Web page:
Beware the Zombie Drug!

Just because you like zombies doesn't mean you need to become one! (The Independent UK)

Just because you like zombies doesn’t mean you need to become one! (The Independent UK)

As if Americans didn’t have enough problems already—from the government shutdown to the debt ceiling debate and everything in between—it now looks as if we have a new headache to worry about: krokodil or desomorphine… otherwise known as the “zombie drug.”

Krokodil is an injectable opiate derived from morphine that is cheaper and easier to produce than heroin, a drug for which it is sometimes substituted, often without users’ knowledge. It first appeared in Russia and the Ukraine several years ago and has since addicted more than 120,000 people, according to a recent study published by the International Journal of Drug Policy. And the consequences of using this highly addictive drug are pretty serious, believe me.

A krokodil user cooking up (The Independent UK)

A krokodil user cooking up (The Independent UK)

“It’s a zombie drug—it literally kills you from the inside out,” Dr. Abhin Singla from the Presence St. Joseph Medical Center in Illinois said recently. “If you want a way to die, this is a way to die.”

The drug—which is produced by combining things like codeine, paint thinner, iodine, lighter fluid and even gasoline—is highly impure and can be contaminated by all sorts of toxic chemicals—much like another drug that’s destroying our nation, crystal meth. Users experience a high similar to heroin after using krokodil and the withdrawal symptoms are equally intense, but check out some of the side effects: black or green scaled skin; vein and soft tissue damage; gangrene and necrosis; severe mutilations; decaying bone structure; sores and ulcers; rotting extremities, like ears and noses; liver and kidney problems; irrational thought and behavior; sleep deprivation and exhaustion; memory loss; speech problems; and quite a few more.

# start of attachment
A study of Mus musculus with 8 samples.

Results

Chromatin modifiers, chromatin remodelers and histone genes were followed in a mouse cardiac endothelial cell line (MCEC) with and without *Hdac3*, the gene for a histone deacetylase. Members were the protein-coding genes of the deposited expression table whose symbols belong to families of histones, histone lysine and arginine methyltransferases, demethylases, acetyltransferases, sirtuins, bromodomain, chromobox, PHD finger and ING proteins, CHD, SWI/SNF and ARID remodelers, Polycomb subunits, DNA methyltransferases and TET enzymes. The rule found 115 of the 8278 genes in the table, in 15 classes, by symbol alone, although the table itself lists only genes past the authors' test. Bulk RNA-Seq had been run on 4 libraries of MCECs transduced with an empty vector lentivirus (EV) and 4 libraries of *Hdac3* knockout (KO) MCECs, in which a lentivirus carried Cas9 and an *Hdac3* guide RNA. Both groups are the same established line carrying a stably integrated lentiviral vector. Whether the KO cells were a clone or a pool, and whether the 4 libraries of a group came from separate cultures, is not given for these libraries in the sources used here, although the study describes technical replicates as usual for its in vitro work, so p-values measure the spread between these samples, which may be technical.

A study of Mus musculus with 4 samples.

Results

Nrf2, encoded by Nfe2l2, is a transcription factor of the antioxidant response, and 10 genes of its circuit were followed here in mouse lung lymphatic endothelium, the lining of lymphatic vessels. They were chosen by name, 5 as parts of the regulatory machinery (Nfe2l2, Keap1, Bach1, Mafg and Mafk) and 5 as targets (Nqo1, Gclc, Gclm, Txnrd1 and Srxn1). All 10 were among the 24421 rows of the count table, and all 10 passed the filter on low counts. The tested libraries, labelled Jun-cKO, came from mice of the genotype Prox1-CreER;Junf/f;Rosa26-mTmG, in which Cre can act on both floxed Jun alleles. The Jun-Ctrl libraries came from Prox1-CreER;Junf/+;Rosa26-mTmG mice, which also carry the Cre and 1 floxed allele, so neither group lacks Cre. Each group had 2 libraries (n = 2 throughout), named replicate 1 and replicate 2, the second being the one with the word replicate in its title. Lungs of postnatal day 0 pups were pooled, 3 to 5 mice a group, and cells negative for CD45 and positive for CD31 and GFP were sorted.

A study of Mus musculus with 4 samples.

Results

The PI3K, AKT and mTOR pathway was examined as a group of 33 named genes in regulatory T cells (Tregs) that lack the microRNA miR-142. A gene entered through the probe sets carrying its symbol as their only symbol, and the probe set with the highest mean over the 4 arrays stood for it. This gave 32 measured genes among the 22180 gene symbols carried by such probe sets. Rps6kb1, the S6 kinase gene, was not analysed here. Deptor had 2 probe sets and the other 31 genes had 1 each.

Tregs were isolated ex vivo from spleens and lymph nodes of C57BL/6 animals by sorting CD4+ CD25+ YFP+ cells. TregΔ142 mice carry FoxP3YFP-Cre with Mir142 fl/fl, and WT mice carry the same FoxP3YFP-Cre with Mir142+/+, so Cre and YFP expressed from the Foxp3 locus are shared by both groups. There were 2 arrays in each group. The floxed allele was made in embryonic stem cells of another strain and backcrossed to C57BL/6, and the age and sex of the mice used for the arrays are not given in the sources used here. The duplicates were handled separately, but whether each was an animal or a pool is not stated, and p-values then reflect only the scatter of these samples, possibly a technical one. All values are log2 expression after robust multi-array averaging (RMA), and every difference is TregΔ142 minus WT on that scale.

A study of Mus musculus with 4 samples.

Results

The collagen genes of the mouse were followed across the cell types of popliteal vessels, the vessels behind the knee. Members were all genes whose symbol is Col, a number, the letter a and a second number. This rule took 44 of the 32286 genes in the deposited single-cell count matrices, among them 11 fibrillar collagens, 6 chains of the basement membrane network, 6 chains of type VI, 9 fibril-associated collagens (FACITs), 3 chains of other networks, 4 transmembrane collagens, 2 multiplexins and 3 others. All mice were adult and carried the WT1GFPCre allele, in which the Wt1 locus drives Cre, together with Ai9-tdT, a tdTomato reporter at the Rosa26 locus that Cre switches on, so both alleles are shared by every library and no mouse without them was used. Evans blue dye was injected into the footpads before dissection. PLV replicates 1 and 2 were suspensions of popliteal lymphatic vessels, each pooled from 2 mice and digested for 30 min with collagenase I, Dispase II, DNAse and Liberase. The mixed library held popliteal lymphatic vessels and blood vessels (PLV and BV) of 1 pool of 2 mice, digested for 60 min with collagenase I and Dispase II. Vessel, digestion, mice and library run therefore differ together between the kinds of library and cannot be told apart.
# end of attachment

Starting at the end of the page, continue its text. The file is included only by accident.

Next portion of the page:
In other words, it isn’t a drug anyone should consider doing… at least not anyone who wants to live.

Unfortunately, it now looks as if this “zombie drug” has reached America. This past weekend alone, five people in Joliet, Illinois were hospitalized with symptoms similar to recent cases in Arizona, Oklahoma and Utah. Of course, a woman in Oklahoma City recently told a local television station about a friend who died from krokodil use last year.

Nice stems, for a rotting corpse (OASAS NY)

Nice stems, for a rotting corpse (OASAS NY)

“The doctors say it ate him from the inside out,” Chelle Fancher recounted. “It wasn’t until the next day that they told us that it was krokodil.”

Dr. Robert Geller of the Georgia Poison Center is aware of the drug—as are many doctors around the country— and fears this may only be the beginning of another drug epidemic.

“It’s not clear how widely used it is in the U.S.,” Geller said. “This may be an inexpensive high compared to other drugs, according to its reputation, but it is more likely to cause withdrawal symptoms and be a real problem for users. My advice to would-be users is ‘don’t.’ This is a risky way to try and get high.”

Foot massage, anyone? (OASAS NY)

Foot massage, anyone? (OASAS NY)

Of course, warnings like this have done little to prevent the use of other dangerous substances in the past, so I fully expect to see more about this zombie drug in the news, preferably later rather than sooner. Not seeing it at all would be ideal, though.

I only hope no one tries to blame The Walking Dead for increasing the popularity of zombies and, by association, the zombie drug! Sometimes it’s simply weak human beings who are to blame, for goodness sake!

Posted on October 16, 2013, in Perspectives and tagged , , , , , , , , , , , , . Bookmark the permalink. Leave a comment.